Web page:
The Buddhist Concept of Impermanence
Buddhism dealt with the problem of impermanence in a very rationale manner. This
concept is known as anicca in Buddhism, according to which, impermanence is an
undeniable and inescapable fact of human existence from which nothing that belongs
to this earth is ever free.
Buddhism declares that there are five processes
on which no human being has control and which none can ever change. These five
processes are namely, the process of growing old, of not falling sick, of dying,
of decay of things that are perishable and of the passing away of that which is
liable to pass. Buddhism however suggests that escape from these is possible and
it's through Nirvana.
Hinduism also believes in the impermanent nature of life.
But it deals with this problem differently. According to Hinduism, impermanence
can be overcome by locating and uniting with the center of permanence that exists
within oneself. This center is the Soul or the self that is immortal, permanent
and ever stable.
According to Hinduism, Atman is the fundamental truth that
exists in every being, while at the microcosmic level it is Brahman who is the
fundamental and supreme truth of all existence. He who realizes Atman verily becomes
Brahman and attains immortality.
The Buddha differed radically with this most
fundamental concept of Hinduism and in line with his preaching the early Buddhists
did not believe in the existence of a permanent and fixed reality which could
be referred to as either God or soul. According to them what was apparent and
verifiable about our existence was the continuous change it undergoes.
early Buddhism declares that in this world there is nothing that is fixed and
permanent. Every thing is subject to change and alteration. "Decay is inherent
in all component things," declared the Buddha and his followers accepted
that existence was a flux, and a continuous becoming.
According to the teachings
of the Buddha, life is comparable to a river. It is a progressive moment, a successive
series of different moments, joining together to give the impression of one continuous
flow. It moves from cause to cause, effect to effect, one point to another, one
state of existence to another, giving an outward impression that it is one continuous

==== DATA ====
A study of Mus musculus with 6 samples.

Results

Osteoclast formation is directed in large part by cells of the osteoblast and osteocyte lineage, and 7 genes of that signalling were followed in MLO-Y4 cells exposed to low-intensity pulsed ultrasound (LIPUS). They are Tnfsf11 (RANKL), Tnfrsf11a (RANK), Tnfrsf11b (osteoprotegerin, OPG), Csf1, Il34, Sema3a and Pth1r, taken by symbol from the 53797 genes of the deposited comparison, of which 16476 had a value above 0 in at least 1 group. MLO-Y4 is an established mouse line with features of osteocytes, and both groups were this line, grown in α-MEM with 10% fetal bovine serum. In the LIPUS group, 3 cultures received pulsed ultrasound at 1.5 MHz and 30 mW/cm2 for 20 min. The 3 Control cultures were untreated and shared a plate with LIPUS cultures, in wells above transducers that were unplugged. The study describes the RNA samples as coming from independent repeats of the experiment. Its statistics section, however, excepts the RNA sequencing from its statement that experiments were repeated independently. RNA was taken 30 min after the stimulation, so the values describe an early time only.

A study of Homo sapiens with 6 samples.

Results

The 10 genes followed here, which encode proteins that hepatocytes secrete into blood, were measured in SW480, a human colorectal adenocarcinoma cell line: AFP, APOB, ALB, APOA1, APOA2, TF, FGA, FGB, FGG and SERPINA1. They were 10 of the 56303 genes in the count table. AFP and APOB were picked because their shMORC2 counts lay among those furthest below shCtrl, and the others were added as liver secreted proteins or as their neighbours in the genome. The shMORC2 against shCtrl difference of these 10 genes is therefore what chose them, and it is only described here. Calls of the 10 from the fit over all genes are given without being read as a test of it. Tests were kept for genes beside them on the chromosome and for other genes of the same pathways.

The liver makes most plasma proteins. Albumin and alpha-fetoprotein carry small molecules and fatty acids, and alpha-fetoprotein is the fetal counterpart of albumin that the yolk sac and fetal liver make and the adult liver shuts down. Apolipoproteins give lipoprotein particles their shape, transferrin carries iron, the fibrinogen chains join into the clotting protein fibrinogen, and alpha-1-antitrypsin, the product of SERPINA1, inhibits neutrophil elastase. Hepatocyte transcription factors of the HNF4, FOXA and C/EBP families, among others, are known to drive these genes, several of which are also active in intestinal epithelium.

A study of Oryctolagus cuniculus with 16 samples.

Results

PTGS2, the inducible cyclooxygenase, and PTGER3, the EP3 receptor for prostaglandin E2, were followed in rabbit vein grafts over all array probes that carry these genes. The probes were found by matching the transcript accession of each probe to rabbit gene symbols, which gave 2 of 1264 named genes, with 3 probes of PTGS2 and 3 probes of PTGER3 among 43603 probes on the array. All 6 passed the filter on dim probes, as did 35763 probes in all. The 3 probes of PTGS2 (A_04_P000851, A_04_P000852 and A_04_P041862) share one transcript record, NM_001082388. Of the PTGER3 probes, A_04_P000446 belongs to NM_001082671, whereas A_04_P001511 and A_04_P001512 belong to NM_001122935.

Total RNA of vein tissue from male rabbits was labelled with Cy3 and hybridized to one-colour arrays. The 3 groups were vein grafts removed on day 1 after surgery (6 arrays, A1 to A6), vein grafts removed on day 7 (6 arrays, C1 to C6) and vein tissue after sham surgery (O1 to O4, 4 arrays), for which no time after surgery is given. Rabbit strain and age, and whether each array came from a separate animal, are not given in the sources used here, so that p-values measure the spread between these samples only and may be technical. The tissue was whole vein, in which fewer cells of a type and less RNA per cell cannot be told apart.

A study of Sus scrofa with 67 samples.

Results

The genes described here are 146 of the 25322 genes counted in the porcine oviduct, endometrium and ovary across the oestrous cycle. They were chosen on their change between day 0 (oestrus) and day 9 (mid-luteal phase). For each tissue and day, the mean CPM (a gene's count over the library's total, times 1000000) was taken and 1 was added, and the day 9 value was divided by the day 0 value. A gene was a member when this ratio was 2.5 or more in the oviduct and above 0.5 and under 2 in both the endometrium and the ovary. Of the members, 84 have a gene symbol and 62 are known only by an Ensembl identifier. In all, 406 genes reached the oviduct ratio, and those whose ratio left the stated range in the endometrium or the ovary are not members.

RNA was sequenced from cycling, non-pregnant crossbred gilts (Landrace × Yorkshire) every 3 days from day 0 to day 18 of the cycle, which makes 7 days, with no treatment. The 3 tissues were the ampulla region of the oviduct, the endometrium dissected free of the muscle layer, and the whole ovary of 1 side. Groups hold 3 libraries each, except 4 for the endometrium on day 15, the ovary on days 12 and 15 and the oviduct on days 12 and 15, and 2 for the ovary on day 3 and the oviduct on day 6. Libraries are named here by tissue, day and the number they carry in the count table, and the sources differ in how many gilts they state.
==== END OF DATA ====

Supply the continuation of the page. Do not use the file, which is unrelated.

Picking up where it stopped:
and unified movement, where as in reality it is not. The river of yesterday is
not the same as the river of today. The river of this moment is not going to be
the same as the river of the next moment. So does life. It changes continuously,
becomes something or the other from moment to moment.
Take for example the
life of an individual. It is a fallacy to believe that a person would remain the
same person during his entire life time. He changes every moment. He actually
lives and dies but for a moment, or lives and dies moment by moment, as each moment
leads to the next. A person is what he is in the context of the time in which
he exists. It is an illusion to believe that the person you have seen just now
is the same as the person you are just now seeing or the person whom you are seeing
now will be the same as the person you will see after a few moments.
from a scientific point of view this is true. We know cell divisions take place
in each living being continuously. Old cells in our bodies die and yield place
continuously to the new ones that are forming. Like the waves in a sea, every
moment, many thoughts arise and die in each individual . Psychologically and physically
he is never the same all the time. Technically speaking, no individual is ever
composed of the same amount of energy. Mental stuff and cellular material all
the time. He is subject to change and the change is a continuous movement.
and change are thus the undeniable truths of our existence. What is real is the
existing moment, the present that is a product of the past, or a result of the
previous causes and actions. Because of ignorance, an ordinary mind conceives
them all to be part of one continuous reality. But in truth they are not.
various stages in the life of a man, the childhood, the adulthood, the old age
are not the same at any given time. The child is not the same when he grows up
and becomes a young man, nor when the latter turns into an old man. The seed is
not the tree, though it produces the tree, and the fruit is also not the tree,
though it is produced by the tree.
The concept of impermanence and continuous
becoming is central to early Buddhist teachings. It is by becoming aware of it,
by observing it and by understanding it, one can find a suitable remedy for the
sorrow of human life and achieve liberation from the process of anicca or impermanence.